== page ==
The Buenos Aires Tango Dance Festival World Cup is back from 6 to 18 September, after cancelled editions due to the pandemic.
The event takes place in more than 30 venues, in 13 districts throughout the city, with more than 1500 artists on stage.
Tango dancers from all over the world are there, thrilled that the Usina del Arte, a cultural center located in La Boca, is hosting two eagerly-awaited competitions: the Tango de Pista and Tango Stage.
Tango dancer Maria Ofelia Prado, 75-years-old, will compete in the Championship.
"For me, Tango is very important,” says Prado. “It's the most important thing in my life, apart from my children... It's fun and entertainment. We always participate in the World Championship, in the Metropolitan (Championship) because Tango is very important for us - it's when we are happy, when we have fun.”
Singer Facundo Monti goes further. "Tango is the soul of Buenos Aires. Tango is the heart that beats in all of us who love our identity.”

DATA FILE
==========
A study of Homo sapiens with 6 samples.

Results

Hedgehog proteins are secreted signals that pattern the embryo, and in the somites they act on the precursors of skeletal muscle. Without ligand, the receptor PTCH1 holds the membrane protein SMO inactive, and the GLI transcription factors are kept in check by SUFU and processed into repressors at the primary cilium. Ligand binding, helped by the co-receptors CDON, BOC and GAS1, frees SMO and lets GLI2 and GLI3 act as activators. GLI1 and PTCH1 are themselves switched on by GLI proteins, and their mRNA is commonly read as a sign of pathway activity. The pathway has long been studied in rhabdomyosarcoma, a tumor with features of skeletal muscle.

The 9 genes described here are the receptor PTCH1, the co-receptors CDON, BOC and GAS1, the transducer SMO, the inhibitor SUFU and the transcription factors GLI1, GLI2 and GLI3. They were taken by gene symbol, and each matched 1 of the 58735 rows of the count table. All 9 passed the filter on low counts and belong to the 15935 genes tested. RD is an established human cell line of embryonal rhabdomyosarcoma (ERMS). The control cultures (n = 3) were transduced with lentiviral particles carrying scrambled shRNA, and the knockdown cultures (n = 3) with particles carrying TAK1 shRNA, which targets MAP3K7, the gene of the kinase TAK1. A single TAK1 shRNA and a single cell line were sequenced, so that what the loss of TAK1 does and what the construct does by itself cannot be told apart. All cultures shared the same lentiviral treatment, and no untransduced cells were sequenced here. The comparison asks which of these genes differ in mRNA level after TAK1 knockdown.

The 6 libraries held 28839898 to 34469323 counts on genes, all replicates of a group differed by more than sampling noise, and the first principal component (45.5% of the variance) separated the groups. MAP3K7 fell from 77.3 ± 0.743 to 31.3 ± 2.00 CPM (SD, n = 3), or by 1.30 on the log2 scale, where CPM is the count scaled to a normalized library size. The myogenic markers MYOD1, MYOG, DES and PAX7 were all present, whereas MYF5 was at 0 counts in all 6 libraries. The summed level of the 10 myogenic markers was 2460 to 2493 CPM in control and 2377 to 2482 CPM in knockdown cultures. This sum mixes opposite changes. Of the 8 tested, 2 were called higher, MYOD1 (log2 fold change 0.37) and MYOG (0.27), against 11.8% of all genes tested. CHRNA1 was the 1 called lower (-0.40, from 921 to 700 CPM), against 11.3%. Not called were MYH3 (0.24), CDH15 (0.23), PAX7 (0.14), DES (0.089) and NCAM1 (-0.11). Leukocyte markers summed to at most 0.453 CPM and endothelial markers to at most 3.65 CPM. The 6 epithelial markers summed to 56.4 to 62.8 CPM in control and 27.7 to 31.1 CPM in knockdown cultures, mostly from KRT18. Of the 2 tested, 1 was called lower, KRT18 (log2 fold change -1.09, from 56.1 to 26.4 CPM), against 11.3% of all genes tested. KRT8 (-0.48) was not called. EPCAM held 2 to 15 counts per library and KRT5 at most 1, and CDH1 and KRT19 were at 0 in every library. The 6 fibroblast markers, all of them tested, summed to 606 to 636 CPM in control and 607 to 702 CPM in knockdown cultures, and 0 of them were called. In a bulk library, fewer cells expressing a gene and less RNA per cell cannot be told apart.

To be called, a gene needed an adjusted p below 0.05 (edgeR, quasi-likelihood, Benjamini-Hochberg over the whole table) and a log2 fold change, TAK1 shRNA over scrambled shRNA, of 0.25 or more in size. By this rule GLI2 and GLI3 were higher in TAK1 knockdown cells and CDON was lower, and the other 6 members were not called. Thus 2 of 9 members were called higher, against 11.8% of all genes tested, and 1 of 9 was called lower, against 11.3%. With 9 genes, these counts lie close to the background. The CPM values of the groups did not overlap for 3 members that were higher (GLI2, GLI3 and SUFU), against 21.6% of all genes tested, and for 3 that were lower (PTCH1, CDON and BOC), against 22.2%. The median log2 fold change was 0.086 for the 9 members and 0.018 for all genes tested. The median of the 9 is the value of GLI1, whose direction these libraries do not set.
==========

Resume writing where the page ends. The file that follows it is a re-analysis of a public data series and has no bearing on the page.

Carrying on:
“Each country has an identity, a colour, a sound, a flavour and Tango is what represents us. It's being an Argentine, if you don't like Tango, you can't be an Argentine," states Monti.
Crossing genres for new generations
The festival is a space to see the established artists of the genre and to meet the new generations, and to find out what is happening in the contemporary Tango scene. The celebration of the music also extends to exhibitions, tribute concerts, classes and film screenings.
This year’s edition will also feature different events celebrating Argentina’s great figures of Tango: María Nieves, Víctor Lavallén, Walter Ríos, José "Pepe" Colangelo and Cholo Montironi are among the names being celebrated. In addition, the festival and Rueda de Milongueros Históricos will celebrate the 30th anniversary of the company Tango Pasión.
Documentaries by Nelly Omar, Ignacio Corsini and Homero Expósito, among others, will also be screened.
The festival has announced that one of its objectives is to reach all the neighbors of the city, integrating its spaces into a single Tango festival. There will be dance classes in the different venues and this year there will also be open classes in squares.
Another main objective of the festival is its openness to new generations of dancers, with activities for children and young people, including school orchestras and tango choirs, shows and tango classes for children, and artistic projects that cross different genres. In order to reach new audiences, the festival will continue to make room for genre crossovers.